Gap Inc. released its annual environmental, social and governance report Tuesday touting progress in its goals to expand access to clean water and improve opportunities for women.

The Old Navy parent’s 2023 ESG Report highlighted growing participation in programs it created to support women at work, at home and in their communities. As of Jan. 28, 2023—the end of Gap Inc.’s fiscal year—nearly 1.3 million women and girls had participated in the company’s Personal Advancement & Career Enhancement (P.A.C.E.) and Reimagining Industry to Support Equality (RISE) initiatives.

Gap Inc. first introduced P.A.C.E. in 2007 with the goal of providing women and girls with “foundational life skills, technical training and support.” In 2019, it partnered with BSR, HERproject, CARE International and ILO-IFC Better Work to create Empower@Work. Now known as RISE, the program aims to drive collaboration across the apparel industry and streamline women’s empowerment programs in factories to reduce redundancy and expand reach and impact. This year will see Gap Inc. begin to transition its P.A.C.E. Workplace program to RISE, the company noted.

Gap Inc. had initially aimed to reach just 1 million women and girls through its P.A.C.E. initiative by last year—a goal it reached a year early in 2021.

The company is currently shooting for 100 percent of its “strategic” factories to participate in P.A.C.E./RISE by 2025. So far, 94 percent have “institutionalized” the programs as part of their human resources management systems. Just 35 percent, however, have at least 50 percent of their female workers enrolled in either program.

Last year, Gap Inc. exceeded its goal to facilitate improved access to clean water and sanitation for 2 million people by 2023. By the end of the 2033 fiscal year, it had reached more than 2.4 million people. The company established a new goal for 2030 of reaching 5 million people. Also by 2030, it is now aiming to reduce water use and “replenish water to nature” equivalent to the water used in manufacturing apparel at company-operated facilities.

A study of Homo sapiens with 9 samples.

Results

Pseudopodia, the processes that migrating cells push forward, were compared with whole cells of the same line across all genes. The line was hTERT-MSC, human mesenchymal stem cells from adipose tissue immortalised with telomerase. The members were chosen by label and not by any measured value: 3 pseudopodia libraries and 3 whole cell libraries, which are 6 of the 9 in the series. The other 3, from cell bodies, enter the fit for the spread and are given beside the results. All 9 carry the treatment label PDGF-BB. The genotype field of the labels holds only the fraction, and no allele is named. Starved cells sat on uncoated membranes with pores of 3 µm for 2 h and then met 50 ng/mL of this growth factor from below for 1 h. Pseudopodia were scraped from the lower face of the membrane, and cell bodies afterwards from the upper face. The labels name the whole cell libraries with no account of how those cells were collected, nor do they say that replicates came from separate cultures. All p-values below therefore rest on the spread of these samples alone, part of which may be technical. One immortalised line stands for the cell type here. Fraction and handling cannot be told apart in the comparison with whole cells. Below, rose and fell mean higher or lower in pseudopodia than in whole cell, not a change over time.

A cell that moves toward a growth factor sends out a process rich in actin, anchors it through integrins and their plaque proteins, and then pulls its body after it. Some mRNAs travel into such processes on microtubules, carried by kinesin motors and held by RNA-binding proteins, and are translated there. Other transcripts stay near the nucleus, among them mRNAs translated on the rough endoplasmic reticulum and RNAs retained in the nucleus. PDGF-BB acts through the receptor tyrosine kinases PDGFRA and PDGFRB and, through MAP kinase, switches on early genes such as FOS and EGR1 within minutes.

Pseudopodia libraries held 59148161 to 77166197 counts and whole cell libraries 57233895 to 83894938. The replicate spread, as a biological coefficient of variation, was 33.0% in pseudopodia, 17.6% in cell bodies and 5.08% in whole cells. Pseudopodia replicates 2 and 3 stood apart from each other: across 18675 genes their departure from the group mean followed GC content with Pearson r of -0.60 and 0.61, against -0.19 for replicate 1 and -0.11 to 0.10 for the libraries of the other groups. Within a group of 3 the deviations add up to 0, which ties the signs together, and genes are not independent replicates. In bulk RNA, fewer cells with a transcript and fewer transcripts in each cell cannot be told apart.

Gap Inc. made sizable progress in transitioning away from PFC-based finishes as well. In 2020, 7 percent of apparel and accessories units with water repellent or stain resistant properties were produced without PFAS. In 2021, this increased to 38 percent and last year it jumped to 95 percent. As of Jan. 1, “most” products available for purchase were produced without PFC-based finishes. “Due to transportation and store inventory timelines and strategies,” however, some styles with PFC finishes remained available for purchase, the company noted.

Gap Inc. has similarly set goals around reducing its carbon footprint. By 2030, it is targeting a 30 percent reduction in Scope 3 greenhouse gas emissions and a 90 percent reduction in Scope 1 and 2 GHG emissions. In both cases, it is using 2017 as its baseline. It also intends to use 100 percent renewable energy for owned and operated facilities by 2030. The company only reported data from 2021, noting that last year’s data will be available later in 2023. In each case, it said it was on track to reach its target.

Last year, Gap Inc. sourced 81 percent of its cotton from “more sustainable” sources—Better Cotton, verified U.S.-grown cotton, organic, in-conversion, recycled or regenerative cotton—and 16 percent of its polyester from recycled sources. It has set goals of sourcing 100 percent of its cotton from more sustainable sources and at least 45 percent of its polyester from recycled sources by 2025.

The company is also working to purge wasteful packaging. It intends to eliminate unnecessary or problematic plastics from packaging to consumers by 2025 and from packaging to businesses by 2030. By the end of 2022, 49 percent of Gap, Old Navy and Banana Republic shopper bags had transitioned to paper bags.

Similarly, the company wants half of all plastic packaging to be 100 percent recycled content for consumers by 2025 and for packaging to businesses by 2030. By the end of 2022, half of the content in its polymailers and 100 percent of the content in the polybags it uses in logistics were from recycled sources.

In addition to increasing participating in its P.A.C.E. and RISE programs, Gap Inc. has also set goals for women’s empowerment at its partner factories.

By 2025, it is aiming for 100 percent of its strategic factories to achieve gender parity at the supervisor level. By the end of 2022, only 18 percent had achieved this. At the same time, 49 percent of supervisors in Gap Inc.’s suppliers’ strategic factories are women.

The company also intends for 100 percent of its factories to implement prevention and response management systems, as well as training to address gender-based violence, by 2025. So far, 46 percent have accomplished this. Fifty-three percent of factories had all employees trained on gender-based violence prevention.

Gap Inc. signaled it was on track for 20,000 youth to participate in its This Way ONward program by 2025. Since it launched the program in 2007, 15,000 youth have participated. Four percent of Old Navy entry-level store employees were hired through the program, Gap Inc. said. The company has set a goal of hitting 5 percent by 2025.